A soft mouth is the single most important quality for any dog. Hopefully, your dog will never bite or fight, but if he does, well-established bite inhibition ensures that your dog causes little if any damage.

Socialization is an ongoing process of ever-widening experience and confidence building that helps your pup to comfortably handle the challenges and changes of everyday adult life. However, it is impossible to prepare your puppy for every possible eventuality, and on those rare occasions when adult dogs are badly hurt, frightened, scared, or upset, they seldom write letters of complaint. Instead, dogs customarily growl and bite, whereupon the level of bite inhibition training from puppyhood predetermines the seriousness of the damage.

Adult dogs with poor bite inhibition rarely mouth and seldom bite, but when they do, the bites almost always break the skin. Adult dogs with well-established bite inhibition often mouth during play, and should they bite, the bites almost never break the skin because during puppyhood the dog learned how to register a complaint without inflicting any damage.

Bite inhibition is one of the most misunderstood aspects of behavioral development in dogs (and other animals). Many owners make the catastrophic mistake of stopping their puppy from mouthing altogether. If a puppy is not allowed to play-bite, he cannot develop reliable bite inhibition. Pups are born virtual biting machines with needle sharp teeth so that they learn biting hurts before they develop the jaw strength to cause appreciable harm. However, they cannot learn to inhibit the force of their bites if they are never allowed to play-bite and play-fight.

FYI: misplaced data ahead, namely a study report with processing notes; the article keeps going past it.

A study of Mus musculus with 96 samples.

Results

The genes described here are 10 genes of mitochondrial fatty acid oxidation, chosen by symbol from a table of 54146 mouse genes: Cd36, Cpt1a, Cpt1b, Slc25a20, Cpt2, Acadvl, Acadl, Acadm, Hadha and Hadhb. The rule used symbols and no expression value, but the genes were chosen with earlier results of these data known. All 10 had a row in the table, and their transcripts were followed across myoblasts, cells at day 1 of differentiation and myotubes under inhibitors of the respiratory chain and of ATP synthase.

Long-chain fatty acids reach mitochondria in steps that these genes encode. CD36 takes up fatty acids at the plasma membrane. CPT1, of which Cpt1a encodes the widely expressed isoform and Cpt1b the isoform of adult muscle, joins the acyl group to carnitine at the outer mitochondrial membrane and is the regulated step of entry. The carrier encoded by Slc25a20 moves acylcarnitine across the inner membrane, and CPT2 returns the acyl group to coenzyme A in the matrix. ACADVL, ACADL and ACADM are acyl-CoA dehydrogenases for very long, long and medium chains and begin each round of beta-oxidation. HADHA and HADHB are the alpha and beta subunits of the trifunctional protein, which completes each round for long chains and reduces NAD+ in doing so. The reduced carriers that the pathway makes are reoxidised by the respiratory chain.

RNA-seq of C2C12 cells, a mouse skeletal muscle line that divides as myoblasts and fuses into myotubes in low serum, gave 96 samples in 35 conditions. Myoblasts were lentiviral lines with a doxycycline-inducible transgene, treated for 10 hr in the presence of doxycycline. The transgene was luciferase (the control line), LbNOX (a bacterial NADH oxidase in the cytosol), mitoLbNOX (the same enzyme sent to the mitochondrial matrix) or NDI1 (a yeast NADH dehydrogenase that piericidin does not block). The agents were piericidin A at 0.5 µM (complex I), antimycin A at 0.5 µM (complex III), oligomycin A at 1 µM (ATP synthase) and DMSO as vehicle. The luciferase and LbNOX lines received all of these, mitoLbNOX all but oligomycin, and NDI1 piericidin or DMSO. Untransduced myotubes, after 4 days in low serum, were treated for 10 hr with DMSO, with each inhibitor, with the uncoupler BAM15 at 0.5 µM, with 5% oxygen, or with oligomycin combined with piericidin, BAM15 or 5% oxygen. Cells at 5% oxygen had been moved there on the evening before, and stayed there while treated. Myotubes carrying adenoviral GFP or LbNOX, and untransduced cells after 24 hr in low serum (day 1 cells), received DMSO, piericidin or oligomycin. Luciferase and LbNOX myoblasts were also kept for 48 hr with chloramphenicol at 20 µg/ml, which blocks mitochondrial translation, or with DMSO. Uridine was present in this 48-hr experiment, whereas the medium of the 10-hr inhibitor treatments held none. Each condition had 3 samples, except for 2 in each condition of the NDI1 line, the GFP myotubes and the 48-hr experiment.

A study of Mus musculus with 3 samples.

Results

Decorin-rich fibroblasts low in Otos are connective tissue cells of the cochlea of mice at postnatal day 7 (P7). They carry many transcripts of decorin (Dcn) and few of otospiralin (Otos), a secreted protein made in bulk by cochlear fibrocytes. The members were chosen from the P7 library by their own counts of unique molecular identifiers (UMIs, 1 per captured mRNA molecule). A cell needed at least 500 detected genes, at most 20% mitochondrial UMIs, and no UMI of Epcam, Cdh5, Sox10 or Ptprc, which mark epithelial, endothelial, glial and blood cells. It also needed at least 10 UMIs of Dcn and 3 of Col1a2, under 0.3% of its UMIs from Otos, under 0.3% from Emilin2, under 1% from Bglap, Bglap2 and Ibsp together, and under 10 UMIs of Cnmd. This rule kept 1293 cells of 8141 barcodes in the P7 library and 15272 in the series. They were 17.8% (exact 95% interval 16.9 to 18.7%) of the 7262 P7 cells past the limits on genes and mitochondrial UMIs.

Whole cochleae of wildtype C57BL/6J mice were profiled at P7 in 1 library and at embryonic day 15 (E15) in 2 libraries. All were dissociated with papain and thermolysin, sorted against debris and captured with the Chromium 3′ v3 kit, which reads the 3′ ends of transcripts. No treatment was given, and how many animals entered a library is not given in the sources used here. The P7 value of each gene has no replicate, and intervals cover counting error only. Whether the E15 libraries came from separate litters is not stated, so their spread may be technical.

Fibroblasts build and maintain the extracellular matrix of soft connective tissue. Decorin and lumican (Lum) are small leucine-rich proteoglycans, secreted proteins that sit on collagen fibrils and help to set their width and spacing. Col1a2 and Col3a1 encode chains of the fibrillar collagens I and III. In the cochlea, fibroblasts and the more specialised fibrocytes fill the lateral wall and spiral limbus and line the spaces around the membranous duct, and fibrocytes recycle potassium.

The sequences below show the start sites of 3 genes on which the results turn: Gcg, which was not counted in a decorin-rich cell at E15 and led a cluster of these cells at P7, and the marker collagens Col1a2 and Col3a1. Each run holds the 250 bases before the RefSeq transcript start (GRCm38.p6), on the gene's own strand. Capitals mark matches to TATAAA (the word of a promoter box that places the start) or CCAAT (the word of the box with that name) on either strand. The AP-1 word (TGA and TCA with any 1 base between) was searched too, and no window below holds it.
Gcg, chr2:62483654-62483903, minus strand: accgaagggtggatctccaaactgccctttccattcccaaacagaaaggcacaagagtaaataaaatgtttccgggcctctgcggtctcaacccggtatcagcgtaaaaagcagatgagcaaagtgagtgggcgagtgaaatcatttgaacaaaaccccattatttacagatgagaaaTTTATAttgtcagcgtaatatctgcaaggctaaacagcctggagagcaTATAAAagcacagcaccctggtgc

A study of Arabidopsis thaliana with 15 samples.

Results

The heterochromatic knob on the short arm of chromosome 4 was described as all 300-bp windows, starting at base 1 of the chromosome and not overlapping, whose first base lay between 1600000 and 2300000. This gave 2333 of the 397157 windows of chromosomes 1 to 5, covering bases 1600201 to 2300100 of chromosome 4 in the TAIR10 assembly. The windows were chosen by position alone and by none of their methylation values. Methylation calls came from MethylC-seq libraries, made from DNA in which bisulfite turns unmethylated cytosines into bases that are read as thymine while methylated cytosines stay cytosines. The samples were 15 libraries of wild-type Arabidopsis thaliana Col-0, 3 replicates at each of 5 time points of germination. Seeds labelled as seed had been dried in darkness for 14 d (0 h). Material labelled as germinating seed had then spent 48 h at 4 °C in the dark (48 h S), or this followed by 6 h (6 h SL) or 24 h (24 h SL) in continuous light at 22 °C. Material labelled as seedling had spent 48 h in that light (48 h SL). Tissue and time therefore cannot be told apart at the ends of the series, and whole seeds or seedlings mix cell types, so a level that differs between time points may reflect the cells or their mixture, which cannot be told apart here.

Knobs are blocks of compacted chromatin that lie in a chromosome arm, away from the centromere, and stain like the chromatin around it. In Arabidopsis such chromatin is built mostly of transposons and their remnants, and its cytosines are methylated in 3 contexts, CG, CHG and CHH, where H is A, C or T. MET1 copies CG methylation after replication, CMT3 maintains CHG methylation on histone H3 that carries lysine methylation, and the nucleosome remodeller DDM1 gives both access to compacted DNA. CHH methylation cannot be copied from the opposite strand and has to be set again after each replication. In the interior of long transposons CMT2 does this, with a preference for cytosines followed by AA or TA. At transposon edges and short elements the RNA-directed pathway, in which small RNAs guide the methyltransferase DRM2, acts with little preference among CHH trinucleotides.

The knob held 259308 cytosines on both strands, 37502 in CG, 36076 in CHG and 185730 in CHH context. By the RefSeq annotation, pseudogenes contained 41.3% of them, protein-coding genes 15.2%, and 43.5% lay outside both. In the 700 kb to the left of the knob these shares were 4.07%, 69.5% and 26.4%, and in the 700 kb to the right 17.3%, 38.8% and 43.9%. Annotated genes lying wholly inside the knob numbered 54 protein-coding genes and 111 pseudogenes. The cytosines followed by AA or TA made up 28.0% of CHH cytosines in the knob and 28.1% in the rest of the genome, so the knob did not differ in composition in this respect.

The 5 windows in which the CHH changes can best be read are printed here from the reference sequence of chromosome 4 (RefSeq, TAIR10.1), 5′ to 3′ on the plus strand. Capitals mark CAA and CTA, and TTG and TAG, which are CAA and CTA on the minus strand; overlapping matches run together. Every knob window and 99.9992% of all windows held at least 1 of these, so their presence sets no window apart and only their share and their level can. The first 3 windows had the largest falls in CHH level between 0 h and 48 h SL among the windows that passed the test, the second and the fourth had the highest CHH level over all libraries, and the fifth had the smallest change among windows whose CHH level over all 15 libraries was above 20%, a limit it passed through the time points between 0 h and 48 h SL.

Bite inhibition training comprises first teaching the puppy to progressively inhibit the force of his bites until painful puppy play-biting is toned down and transformed into gentle puppy mouthing, and then, and only then, teaching him to progressively inhibit the incidence of his mouthing. Thus the puppy learns that mouthing is by and large inappropriate and that any pressured bite is absolutely unacceptable.

You have until your puppy is four and a half months old, so take your time to ensure your puppy masters this most important item in his educational curriculum. The more times your puppy bites, the safer his jaws will be as an adult since he has had more opportunities to learn that biting hurts.

If you are worried about your puppy's biting behavior, enroll in a puppy class immediately. You may seek further advice from the trainer, and your puppy may let off steam and redirect many of his bites towards other puppies during play sessions.

Bite inhibition is of crucial importance, by far the single most important quality of any dog, or any animal. Living with a dog that does not have reliable bite inhibition is unpleasant and dangerous. Bite inhibition must be acquired during puppyhood. You must fully understand how to teach your puppy. Attempting to teach bite inhibition to an adolescent or adult dog is often extremely difficult, dangerous, and time-consuming. If you run into problems, e-mail kellyg@openpaw.org immediately.

Click here for a printable PDF version of this article.